Asthma :: Where there’s smoke, there’s breathing trouble

Asthmatics and people prone to respiratory problems should have an action plan for the fire season to help them breathe easier over summer.

That’s the advice of Queensland University of Technology public health expert, Dr Thomas Tenkate.

“We know that when there are bushfires there are higher hospital admissions and emergency room visits for people with respiratory problems,” he said.

“We’re already seeing a bad fire season interstate and conditions in Queensland are also dangerous so it’s important for people to think ahead.

“If you have asthma or are prone to respiratory problems make sure you minimise your exposure to any smoke that drifts across your suburb or town.

“Listen to the news so that you know if your neighbourhood is likely to be affected by smoke.

“If your area is smoke-affected, stay indoors where possible and close the windows. But if the house is closed up, make sure you counter that by drinking lots of water and using fans or airconditioning.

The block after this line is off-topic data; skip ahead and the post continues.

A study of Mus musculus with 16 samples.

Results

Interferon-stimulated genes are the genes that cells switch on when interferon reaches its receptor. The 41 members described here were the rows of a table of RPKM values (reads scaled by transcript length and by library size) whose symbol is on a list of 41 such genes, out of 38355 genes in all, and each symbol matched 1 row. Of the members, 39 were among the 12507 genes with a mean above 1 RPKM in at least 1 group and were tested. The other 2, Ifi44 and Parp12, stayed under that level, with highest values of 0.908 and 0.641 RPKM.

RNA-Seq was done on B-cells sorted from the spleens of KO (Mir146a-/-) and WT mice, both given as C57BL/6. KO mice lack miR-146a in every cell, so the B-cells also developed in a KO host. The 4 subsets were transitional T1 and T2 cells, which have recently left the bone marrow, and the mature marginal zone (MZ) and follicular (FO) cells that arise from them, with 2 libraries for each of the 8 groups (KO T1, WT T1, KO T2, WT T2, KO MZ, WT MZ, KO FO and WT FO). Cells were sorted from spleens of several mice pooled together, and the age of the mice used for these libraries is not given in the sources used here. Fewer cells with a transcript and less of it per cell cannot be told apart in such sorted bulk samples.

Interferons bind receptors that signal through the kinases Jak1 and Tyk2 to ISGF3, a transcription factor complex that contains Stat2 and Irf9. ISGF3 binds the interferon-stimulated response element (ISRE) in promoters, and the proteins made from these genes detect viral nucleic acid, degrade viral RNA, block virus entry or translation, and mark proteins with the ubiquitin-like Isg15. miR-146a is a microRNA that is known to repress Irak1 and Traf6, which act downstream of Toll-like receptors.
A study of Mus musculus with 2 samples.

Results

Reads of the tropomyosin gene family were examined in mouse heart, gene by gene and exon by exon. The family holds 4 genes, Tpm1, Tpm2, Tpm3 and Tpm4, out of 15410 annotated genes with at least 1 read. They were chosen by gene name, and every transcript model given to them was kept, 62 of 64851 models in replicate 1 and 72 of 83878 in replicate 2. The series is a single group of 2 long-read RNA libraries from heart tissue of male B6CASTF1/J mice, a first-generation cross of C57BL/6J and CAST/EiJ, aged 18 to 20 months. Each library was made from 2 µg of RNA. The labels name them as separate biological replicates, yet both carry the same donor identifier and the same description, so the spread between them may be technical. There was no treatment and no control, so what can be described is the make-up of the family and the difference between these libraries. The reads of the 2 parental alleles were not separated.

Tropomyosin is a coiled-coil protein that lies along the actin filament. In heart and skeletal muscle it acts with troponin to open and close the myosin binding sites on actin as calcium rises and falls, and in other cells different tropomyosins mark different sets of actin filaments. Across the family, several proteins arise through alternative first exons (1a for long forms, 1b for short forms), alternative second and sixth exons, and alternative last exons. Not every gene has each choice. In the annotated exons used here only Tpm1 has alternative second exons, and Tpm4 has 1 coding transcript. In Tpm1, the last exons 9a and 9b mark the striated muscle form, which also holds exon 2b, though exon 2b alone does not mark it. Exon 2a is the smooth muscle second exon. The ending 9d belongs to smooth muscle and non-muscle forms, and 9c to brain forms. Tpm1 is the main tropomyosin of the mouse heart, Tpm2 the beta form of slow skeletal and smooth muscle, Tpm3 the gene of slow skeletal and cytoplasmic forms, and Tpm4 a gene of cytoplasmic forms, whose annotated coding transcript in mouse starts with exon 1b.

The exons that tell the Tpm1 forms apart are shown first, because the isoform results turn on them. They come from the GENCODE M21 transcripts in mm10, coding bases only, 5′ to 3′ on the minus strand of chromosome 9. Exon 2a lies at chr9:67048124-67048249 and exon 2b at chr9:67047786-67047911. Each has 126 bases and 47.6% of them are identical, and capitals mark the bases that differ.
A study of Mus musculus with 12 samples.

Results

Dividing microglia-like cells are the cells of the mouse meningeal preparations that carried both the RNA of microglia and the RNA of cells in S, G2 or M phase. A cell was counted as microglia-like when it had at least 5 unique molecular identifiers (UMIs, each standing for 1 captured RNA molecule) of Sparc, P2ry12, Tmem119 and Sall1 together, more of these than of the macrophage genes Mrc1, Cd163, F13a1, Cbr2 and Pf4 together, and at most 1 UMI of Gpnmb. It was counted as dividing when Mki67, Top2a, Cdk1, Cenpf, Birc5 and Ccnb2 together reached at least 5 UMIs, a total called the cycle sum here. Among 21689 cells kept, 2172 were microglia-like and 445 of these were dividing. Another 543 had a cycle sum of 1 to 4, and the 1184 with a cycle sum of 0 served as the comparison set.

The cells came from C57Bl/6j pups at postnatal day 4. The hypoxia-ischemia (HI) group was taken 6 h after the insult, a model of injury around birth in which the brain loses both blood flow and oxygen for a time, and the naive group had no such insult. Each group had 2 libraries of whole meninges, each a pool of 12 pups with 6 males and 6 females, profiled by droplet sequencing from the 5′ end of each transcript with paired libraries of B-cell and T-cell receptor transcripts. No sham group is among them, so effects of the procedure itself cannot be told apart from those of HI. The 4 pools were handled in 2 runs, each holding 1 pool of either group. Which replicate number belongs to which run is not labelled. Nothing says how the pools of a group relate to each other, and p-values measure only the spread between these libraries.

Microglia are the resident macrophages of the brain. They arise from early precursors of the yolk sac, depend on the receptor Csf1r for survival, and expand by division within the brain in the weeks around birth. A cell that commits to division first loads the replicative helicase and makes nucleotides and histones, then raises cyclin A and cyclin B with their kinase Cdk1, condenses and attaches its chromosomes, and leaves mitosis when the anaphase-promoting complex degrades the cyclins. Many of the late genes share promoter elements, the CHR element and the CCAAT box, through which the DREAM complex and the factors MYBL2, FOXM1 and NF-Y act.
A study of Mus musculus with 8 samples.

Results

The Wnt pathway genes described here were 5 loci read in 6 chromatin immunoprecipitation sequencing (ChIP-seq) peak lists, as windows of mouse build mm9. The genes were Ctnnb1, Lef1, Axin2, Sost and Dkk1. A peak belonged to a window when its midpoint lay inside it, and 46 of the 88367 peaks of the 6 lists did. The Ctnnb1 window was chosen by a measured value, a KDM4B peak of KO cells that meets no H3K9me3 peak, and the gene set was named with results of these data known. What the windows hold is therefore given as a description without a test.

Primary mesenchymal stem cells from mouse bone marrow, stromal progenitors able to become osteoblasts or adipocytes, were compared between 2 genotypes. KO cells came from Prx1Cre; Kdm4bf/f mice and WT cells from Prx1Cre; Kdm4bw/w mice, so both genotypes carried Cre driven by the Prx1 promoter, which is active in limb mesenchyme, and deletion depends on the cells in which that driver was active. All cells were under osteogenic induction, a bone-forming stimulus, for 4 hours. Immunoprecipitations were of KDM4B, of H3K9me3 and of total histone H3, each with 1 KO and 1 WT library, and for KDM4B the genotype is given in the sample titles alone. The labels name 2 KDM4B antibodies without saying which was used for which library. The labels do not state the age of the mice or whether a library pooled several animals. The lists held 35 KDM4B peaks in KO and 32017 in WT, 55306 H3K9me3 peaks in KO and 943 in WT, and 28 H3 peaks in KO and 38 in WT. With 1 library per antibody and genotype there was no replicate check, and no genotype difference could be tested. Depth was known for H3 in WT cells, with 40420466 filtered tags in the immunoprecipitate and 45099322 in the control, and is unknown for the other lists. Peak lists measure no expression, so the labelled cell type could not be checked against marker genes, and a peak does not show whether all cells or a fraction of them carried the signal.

“It’s important to have processes in place to ensure that if you are susceptible to breathing problems, you can get yourself appropriate treatment as quickly as possible.

“Always have required medication, such as an asthma puffer, on hand and make sure that friends and relatives know the warning signs to look out for – and the emergency actions to take – if you experience breathing problems.

“If you have elderly neighbours keep an eye on them too.”

Dr Tenkate said a lot of his advice was common sense, but it needed reinforcing in times when people were stressed.